Can the R&D tax credit help reduce taxes?
In 1981, as part of the Economic Recovery Tax Act, Congress enacted a new tax credit. The purpose was to encourage companies to incur expenses related to the conduct of research activities in an effort to stimulate an increase in capital for the development of ideas leading to increased productivity.
The original legislation was intended to expire in 1985; however, since then, the credit has expired and been extended 16 times with various changes in the method of calculation and the definition of qualified research expenses. The last extension occurred with the Tax Increase Prevention Act of 2014 which extended the credit for QREs paid or incurred before 2015.
Why should I be concerned about R&D credits since the federal credit expired at the end of 2014?
Earlier this year, the U.S. House of Representatives proposed to restore, permanently extend and expand various provisions of the R&D tax credit. But, the chances for a more long-term incentive are currently unsettled. Right now there is strong bipartisan support for the credit since it is seen as critical to competing in a global market. However, there is a conflict in thinking. The Senate Finance Committee has separately proposed a two-year extension and expansion of the credit. Because of the conflict, it is expected that in the coming months Congress will enact a two-year extension of the credit, not a permanent extension, effective retroactively to when the credit last expired on December 31, 2014.
What are the potential benefits of the R&D tax credit?
The regular federal R&D tax credit equals 20 percent of QREs that exceed a base amount. The Alternative Simplified Credit amount is 14 percent of QREs that exceed a base amount.
The base amount limitation often decreases the maximum net federal credit benefit into the 6 to 7 percent range, before consideration of state R&D-type credits which many states now offer. The credit results in a dollar-for-dollar reduction in federal tax liability. This can reduce an effective tax rate, improve earnings-per-share, and improve cash flow.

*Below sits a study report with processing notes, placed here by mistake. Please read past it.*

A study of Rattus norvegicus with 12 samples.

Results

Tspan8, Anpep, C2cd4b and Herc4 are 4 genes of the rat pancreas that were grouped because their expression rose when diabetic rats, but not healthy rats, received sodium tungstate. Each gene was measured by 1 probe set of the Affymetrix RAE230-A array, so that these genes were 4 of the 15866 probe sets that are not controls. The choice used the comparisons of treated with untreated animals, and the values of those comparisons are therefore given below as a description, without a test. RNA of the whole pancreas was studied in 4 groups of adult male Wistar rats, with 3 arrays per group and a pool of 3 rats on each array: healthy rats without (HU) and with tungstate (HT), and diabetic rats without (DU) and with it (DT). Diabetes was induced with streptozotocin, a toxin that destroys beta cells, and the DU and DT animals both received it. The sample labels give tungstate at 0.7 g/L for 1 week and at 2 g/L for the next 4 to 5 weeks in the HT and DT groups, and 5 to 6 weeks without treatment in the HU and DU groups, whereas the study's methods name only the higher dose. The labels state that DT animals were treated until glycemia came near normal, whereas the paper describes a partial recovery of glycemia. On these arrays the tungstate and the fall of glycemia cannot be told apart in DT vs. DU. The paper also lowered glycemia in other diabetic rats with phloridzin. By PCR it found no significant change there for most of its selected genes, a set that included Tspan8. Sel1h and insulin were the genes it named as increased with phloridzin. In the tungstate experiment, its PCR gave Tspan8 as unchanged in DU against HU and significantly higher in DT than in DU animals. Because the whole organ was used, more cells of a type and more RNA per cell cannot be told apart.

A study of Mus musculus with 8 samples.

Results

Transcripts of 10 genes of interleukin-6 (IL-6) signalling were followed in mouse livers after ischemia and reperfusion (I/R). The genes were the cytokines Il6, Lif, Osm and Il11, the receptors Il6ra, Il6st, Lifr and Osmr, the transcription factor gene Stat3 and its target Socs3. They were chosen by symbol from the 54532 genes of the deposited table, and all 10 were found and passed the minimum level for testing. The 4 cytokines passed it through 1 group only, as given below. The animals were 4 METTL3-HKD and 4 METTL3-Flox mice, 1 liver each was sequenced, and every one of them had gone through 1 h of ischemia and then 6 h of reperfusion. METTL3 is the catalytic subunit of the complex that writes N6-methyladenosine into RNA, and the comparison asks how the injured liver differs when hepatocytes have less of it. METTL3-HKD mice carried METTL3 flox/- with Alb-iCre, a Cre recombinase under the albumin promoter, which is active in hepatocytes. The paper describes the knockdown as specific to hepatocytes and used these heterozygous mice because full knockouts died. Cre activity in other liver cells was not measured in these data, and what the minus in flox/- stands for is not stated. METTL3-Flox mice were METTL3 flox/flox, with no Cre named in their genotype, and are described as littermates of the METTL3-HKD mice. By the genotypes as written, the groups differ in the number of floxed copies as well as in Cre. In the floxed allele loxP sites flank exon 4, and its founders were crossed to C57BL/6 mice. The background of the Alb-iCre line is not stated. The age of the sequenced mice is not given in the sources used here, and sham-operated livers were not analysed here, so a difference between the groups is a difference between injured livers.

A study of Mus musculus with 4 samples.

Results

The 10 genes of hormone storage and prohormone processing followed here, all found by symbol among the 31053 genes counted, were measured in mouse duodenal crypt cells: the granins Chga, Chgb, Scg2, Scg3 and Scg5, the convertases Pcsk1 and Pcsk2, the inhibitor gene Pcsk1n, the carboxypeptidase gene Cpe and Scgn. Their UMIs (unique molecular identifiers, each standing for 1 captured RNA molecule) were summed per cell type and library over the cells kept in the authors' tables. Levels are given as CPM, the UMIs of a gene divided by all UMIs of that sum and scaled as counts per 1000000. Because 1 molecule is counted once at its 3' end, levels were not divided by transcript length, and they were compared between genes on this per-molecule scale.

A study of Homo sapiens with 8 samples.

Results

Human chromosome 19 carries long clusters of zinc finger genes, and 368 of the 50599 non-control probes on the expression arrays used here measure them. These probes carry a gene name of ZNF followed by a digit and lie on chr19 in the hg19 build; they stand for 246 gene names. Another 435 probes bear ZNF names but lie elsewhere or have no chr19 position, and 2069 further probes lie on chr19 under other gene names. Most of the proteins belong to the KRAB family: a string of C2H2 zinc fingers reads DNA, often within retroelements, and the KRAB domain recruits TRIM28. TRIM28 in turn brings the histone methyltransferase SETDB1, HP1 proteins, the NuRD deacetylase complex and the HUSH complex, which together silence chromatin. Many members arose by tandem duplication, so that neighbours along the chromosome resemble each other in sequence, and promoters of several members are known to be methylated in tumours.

As noted above, the R&D credit is generally calculated using one of two different methods: the Regular Credit or the ASC. The Regular Credit relies on historical data that may require the taxpayer to go back over 30 years to compute a base amount. Use of the ASC eliminates “base period” difficulties.
The R&D tax credit is a business credit subject to the general business credit limitation rules. Any unused general business credits may be carried back one year and forward 20 years.
Many companies take advantage of the R&D tax credit every year. The R&D tax credit is available for:
• the development of a new product, process, formula, or software design;
• the building and testing prototypes or models (including computer-generated models);
• design related to construction or engineering activities;
• improving or enhancing existing production or manufacturing processes;
• developing, customizing, or upgrading software; or
• automating or streamlining internal processes.
Non-qualifying activities includes activities done outside of the U.S., market research, and nontechnical research, such as consumer taste or styling.
“Qualified research activities” are those activities undertaken specifically for the purposes of:
• discovering information which is technological in nature
• eliminating uncertainty in the development of a business component
• relying on the process of experimentation, or
• creating a new or improved function related to performance, reliability, or quality.
“Technological in nature” refers to the process of experimentation utilized in the research. Information is deemed technological if the process of experimentation fundamentally relies on principles of the physical or biological sciences, engineering, or computer science.
“New” means new to the taxpayer and is not freely available to the public.
“Qualified research expenses” include:
• In-house research expenses, which include wages paid to employees (including support and supervision personnel) for qualified research activities; and supplies purchased for use in qualified research activities (excluding land, improvements to land, and depreciable property); or
• Contract research expenses which are amounts paid to a third party for purposes of conducting qualified research activities on behalf of the taxpayer.
Indirect, general & administrative, and overhead expenses do not qualify as “qualified research expenses.”
Taxpayers that qualify for the R&D credit and have not claimed the credit can amend returns for any open tax years.
Contact your CPA to investigate and reevaluate your situation to ensure you are making the most of the potential credits available.
Nissa Jimenez, CPA, is the Tax Senior Manager at Eide Bailly LLP.
Heather Ashbridge, who started with Nevada State Development Corporation in 2008, previously served in several roles with the organization, including assistant vice president and loan officer. She is based in NSDC’s Reno office.